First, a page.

Don’t Have Meetings

This content is syndicated from Agile Anarchy by Tobias Mayer. To view the original post in full, click here.



Admittedly, Scrum has reduced this meeting overhead to a few key, timeboxed meetings but the legacy of “meeting culture” still hangs over us, heavily. “Scrum has too many meetings” is a common complaint… and then we discover daily meetings drag on for 40 minutes, retrospectives are unproductive, lack meaning or devolve into complaint sessions and planning meetings are controlled and directive, leaving team members sullen and brow- beaten.

It occurred to me in that moment that telling the workshop participants “these Scrum meetings are essential” was likely to deflate them rather than excite them about this new way of working. Meeting culture has penetrated Scrum, as it must. Something so heavy and oppressive, so entrenched in our way of being will crush anything that tries to challenge its power. The Scrum Alliance introduced the term “ceremony” to replace meeting, but that’s almost as bad, and to some people even worse, carrying with it images of cults and cloaked figures preforming strange rituals. And using that term in the same sentence with “ScrumMaster”… forget it!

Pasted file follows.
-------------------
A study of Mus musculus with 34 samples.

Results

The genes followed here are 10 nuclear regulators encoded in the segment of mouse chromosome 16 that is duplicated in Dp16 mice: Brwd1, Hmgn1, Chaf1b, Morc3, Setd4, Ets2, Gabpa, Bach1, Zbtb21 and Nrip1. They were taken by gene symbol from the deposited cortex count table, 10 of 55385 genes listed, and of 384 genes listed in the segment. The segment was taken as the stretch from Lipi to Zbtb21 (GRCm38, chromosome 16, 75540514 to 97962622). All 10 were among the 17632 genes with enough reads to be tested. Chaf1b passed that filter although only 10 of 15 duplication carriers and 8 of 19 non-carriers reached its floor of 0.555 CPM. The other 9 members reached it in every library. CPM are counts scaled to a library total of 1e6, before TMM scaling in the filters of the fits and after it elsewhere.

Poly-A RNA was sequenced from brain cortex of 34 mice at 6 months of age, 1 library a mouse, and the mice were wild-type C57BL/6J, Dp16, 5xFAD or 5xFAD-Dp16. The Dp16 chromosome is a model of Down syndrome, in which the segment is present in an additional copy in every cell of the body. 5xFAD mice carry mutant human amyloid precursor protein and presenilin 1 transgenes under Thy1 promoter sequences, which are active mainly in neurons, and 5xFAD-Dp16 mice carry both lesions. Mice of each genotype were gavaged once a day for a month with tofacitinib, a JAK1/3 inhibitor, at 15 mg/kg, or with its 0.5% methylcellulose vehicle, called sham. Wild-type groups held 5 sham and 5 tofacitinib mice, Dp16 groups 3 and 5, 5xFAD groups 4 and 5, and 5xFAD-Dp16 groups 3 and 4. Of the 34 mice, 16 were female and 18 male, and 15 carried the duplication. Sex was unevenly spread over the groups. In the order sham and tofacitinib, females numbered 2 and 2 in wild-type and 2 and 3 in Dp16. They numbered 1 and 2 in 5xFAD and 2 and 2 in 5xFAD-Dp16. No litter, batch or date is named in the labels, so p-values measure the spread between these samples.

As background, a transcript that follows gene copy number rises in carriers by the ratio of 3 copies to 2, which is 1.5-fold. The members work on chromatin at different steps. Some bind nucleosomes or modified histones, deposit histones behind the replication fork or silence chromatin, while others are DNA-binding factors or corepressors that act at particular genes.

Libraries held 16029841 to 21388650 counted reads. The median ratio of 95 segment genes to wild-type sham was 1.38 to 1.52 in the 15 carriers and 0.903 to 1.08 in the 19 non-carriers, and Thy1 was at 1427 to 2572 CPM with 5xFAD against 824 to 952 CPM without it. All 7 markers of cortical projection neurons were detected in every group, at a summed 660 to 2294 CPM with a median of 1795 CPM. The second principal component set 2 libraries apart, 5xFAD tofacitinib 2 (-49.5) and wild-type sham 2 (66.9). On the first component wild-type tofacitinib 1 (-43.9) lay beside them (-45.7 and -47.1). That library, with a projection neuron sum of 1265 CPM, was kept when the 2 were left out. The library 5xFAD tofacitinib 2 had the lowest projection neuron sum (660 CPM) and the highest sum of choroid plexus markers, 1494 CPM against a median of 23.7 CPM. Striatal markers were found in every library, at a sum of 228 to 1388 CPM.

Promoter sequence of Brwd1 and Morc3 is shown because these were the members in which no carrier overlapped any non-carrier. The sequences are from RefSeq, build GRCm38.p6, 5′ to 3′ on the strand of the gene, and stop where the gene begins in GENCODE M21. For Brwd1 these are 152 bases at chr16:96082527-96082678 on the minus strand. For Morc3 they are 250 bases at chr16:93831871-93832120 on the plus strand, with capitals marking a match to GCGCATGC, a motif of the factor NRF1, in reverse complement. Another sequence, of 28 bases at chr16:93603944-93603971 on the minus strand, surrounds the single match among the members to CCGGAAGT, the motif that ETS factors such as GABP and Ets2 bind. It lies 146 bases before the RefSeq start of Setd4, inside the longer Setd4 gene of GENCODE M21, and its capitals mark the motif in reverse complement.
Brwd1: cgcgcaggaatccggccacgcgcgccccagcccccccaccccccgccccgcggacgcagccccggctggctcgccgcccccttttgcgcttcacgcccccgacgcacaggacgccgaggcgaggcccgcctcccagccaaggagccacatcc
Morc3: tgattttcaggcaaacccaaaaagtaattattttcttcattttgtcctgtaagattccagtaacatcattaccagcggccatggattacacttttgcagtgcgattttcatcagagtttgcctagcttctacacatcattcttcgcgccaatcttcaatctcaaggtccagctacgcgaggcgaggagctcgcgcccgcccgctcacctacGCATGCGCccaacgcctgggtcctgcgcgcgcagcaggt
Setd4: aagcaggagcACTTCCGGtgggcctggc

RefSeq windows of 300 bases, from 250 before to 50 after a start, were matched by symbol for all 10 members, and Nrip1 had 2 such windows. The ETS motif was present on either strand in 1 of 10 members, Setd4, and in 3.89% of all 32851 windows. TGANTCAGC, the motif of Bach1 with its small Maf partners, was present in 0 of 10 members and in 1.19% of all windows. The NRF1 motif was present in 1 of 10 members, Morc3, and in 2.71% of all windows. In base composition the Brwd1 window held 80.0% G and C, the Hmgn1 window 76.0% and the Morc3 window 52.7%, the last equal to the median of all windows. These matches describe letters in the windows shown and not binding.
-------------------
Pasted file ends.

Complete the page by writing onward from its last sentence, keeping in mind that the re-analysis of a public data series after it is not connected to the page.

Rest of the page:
So I used the term conversation. Scrum has people, I said, and it has conversations. There are conversations to plan, conversations to align, and conversations to reflect. We have these conversations at the appropriate times, and for the appropriate durations in order to inform our work. If we don’t have these conversations we won’t know what we are doing (planning), we won’t know where we are going (alignment), and we’ll keep repeating the same mistakes (reflection). Expressed this way I felt a lifting of interest, a lightening of the heart. I had essentially told this group of people “you never have to be in a meaningless meeting again”. And I believe that.

Let’s stop talking about meetings, and let’s stop having meetings. Nothing good ever came out of a business meeting. People in collaborative dialog though, now that’s exciting — that’s meaningful.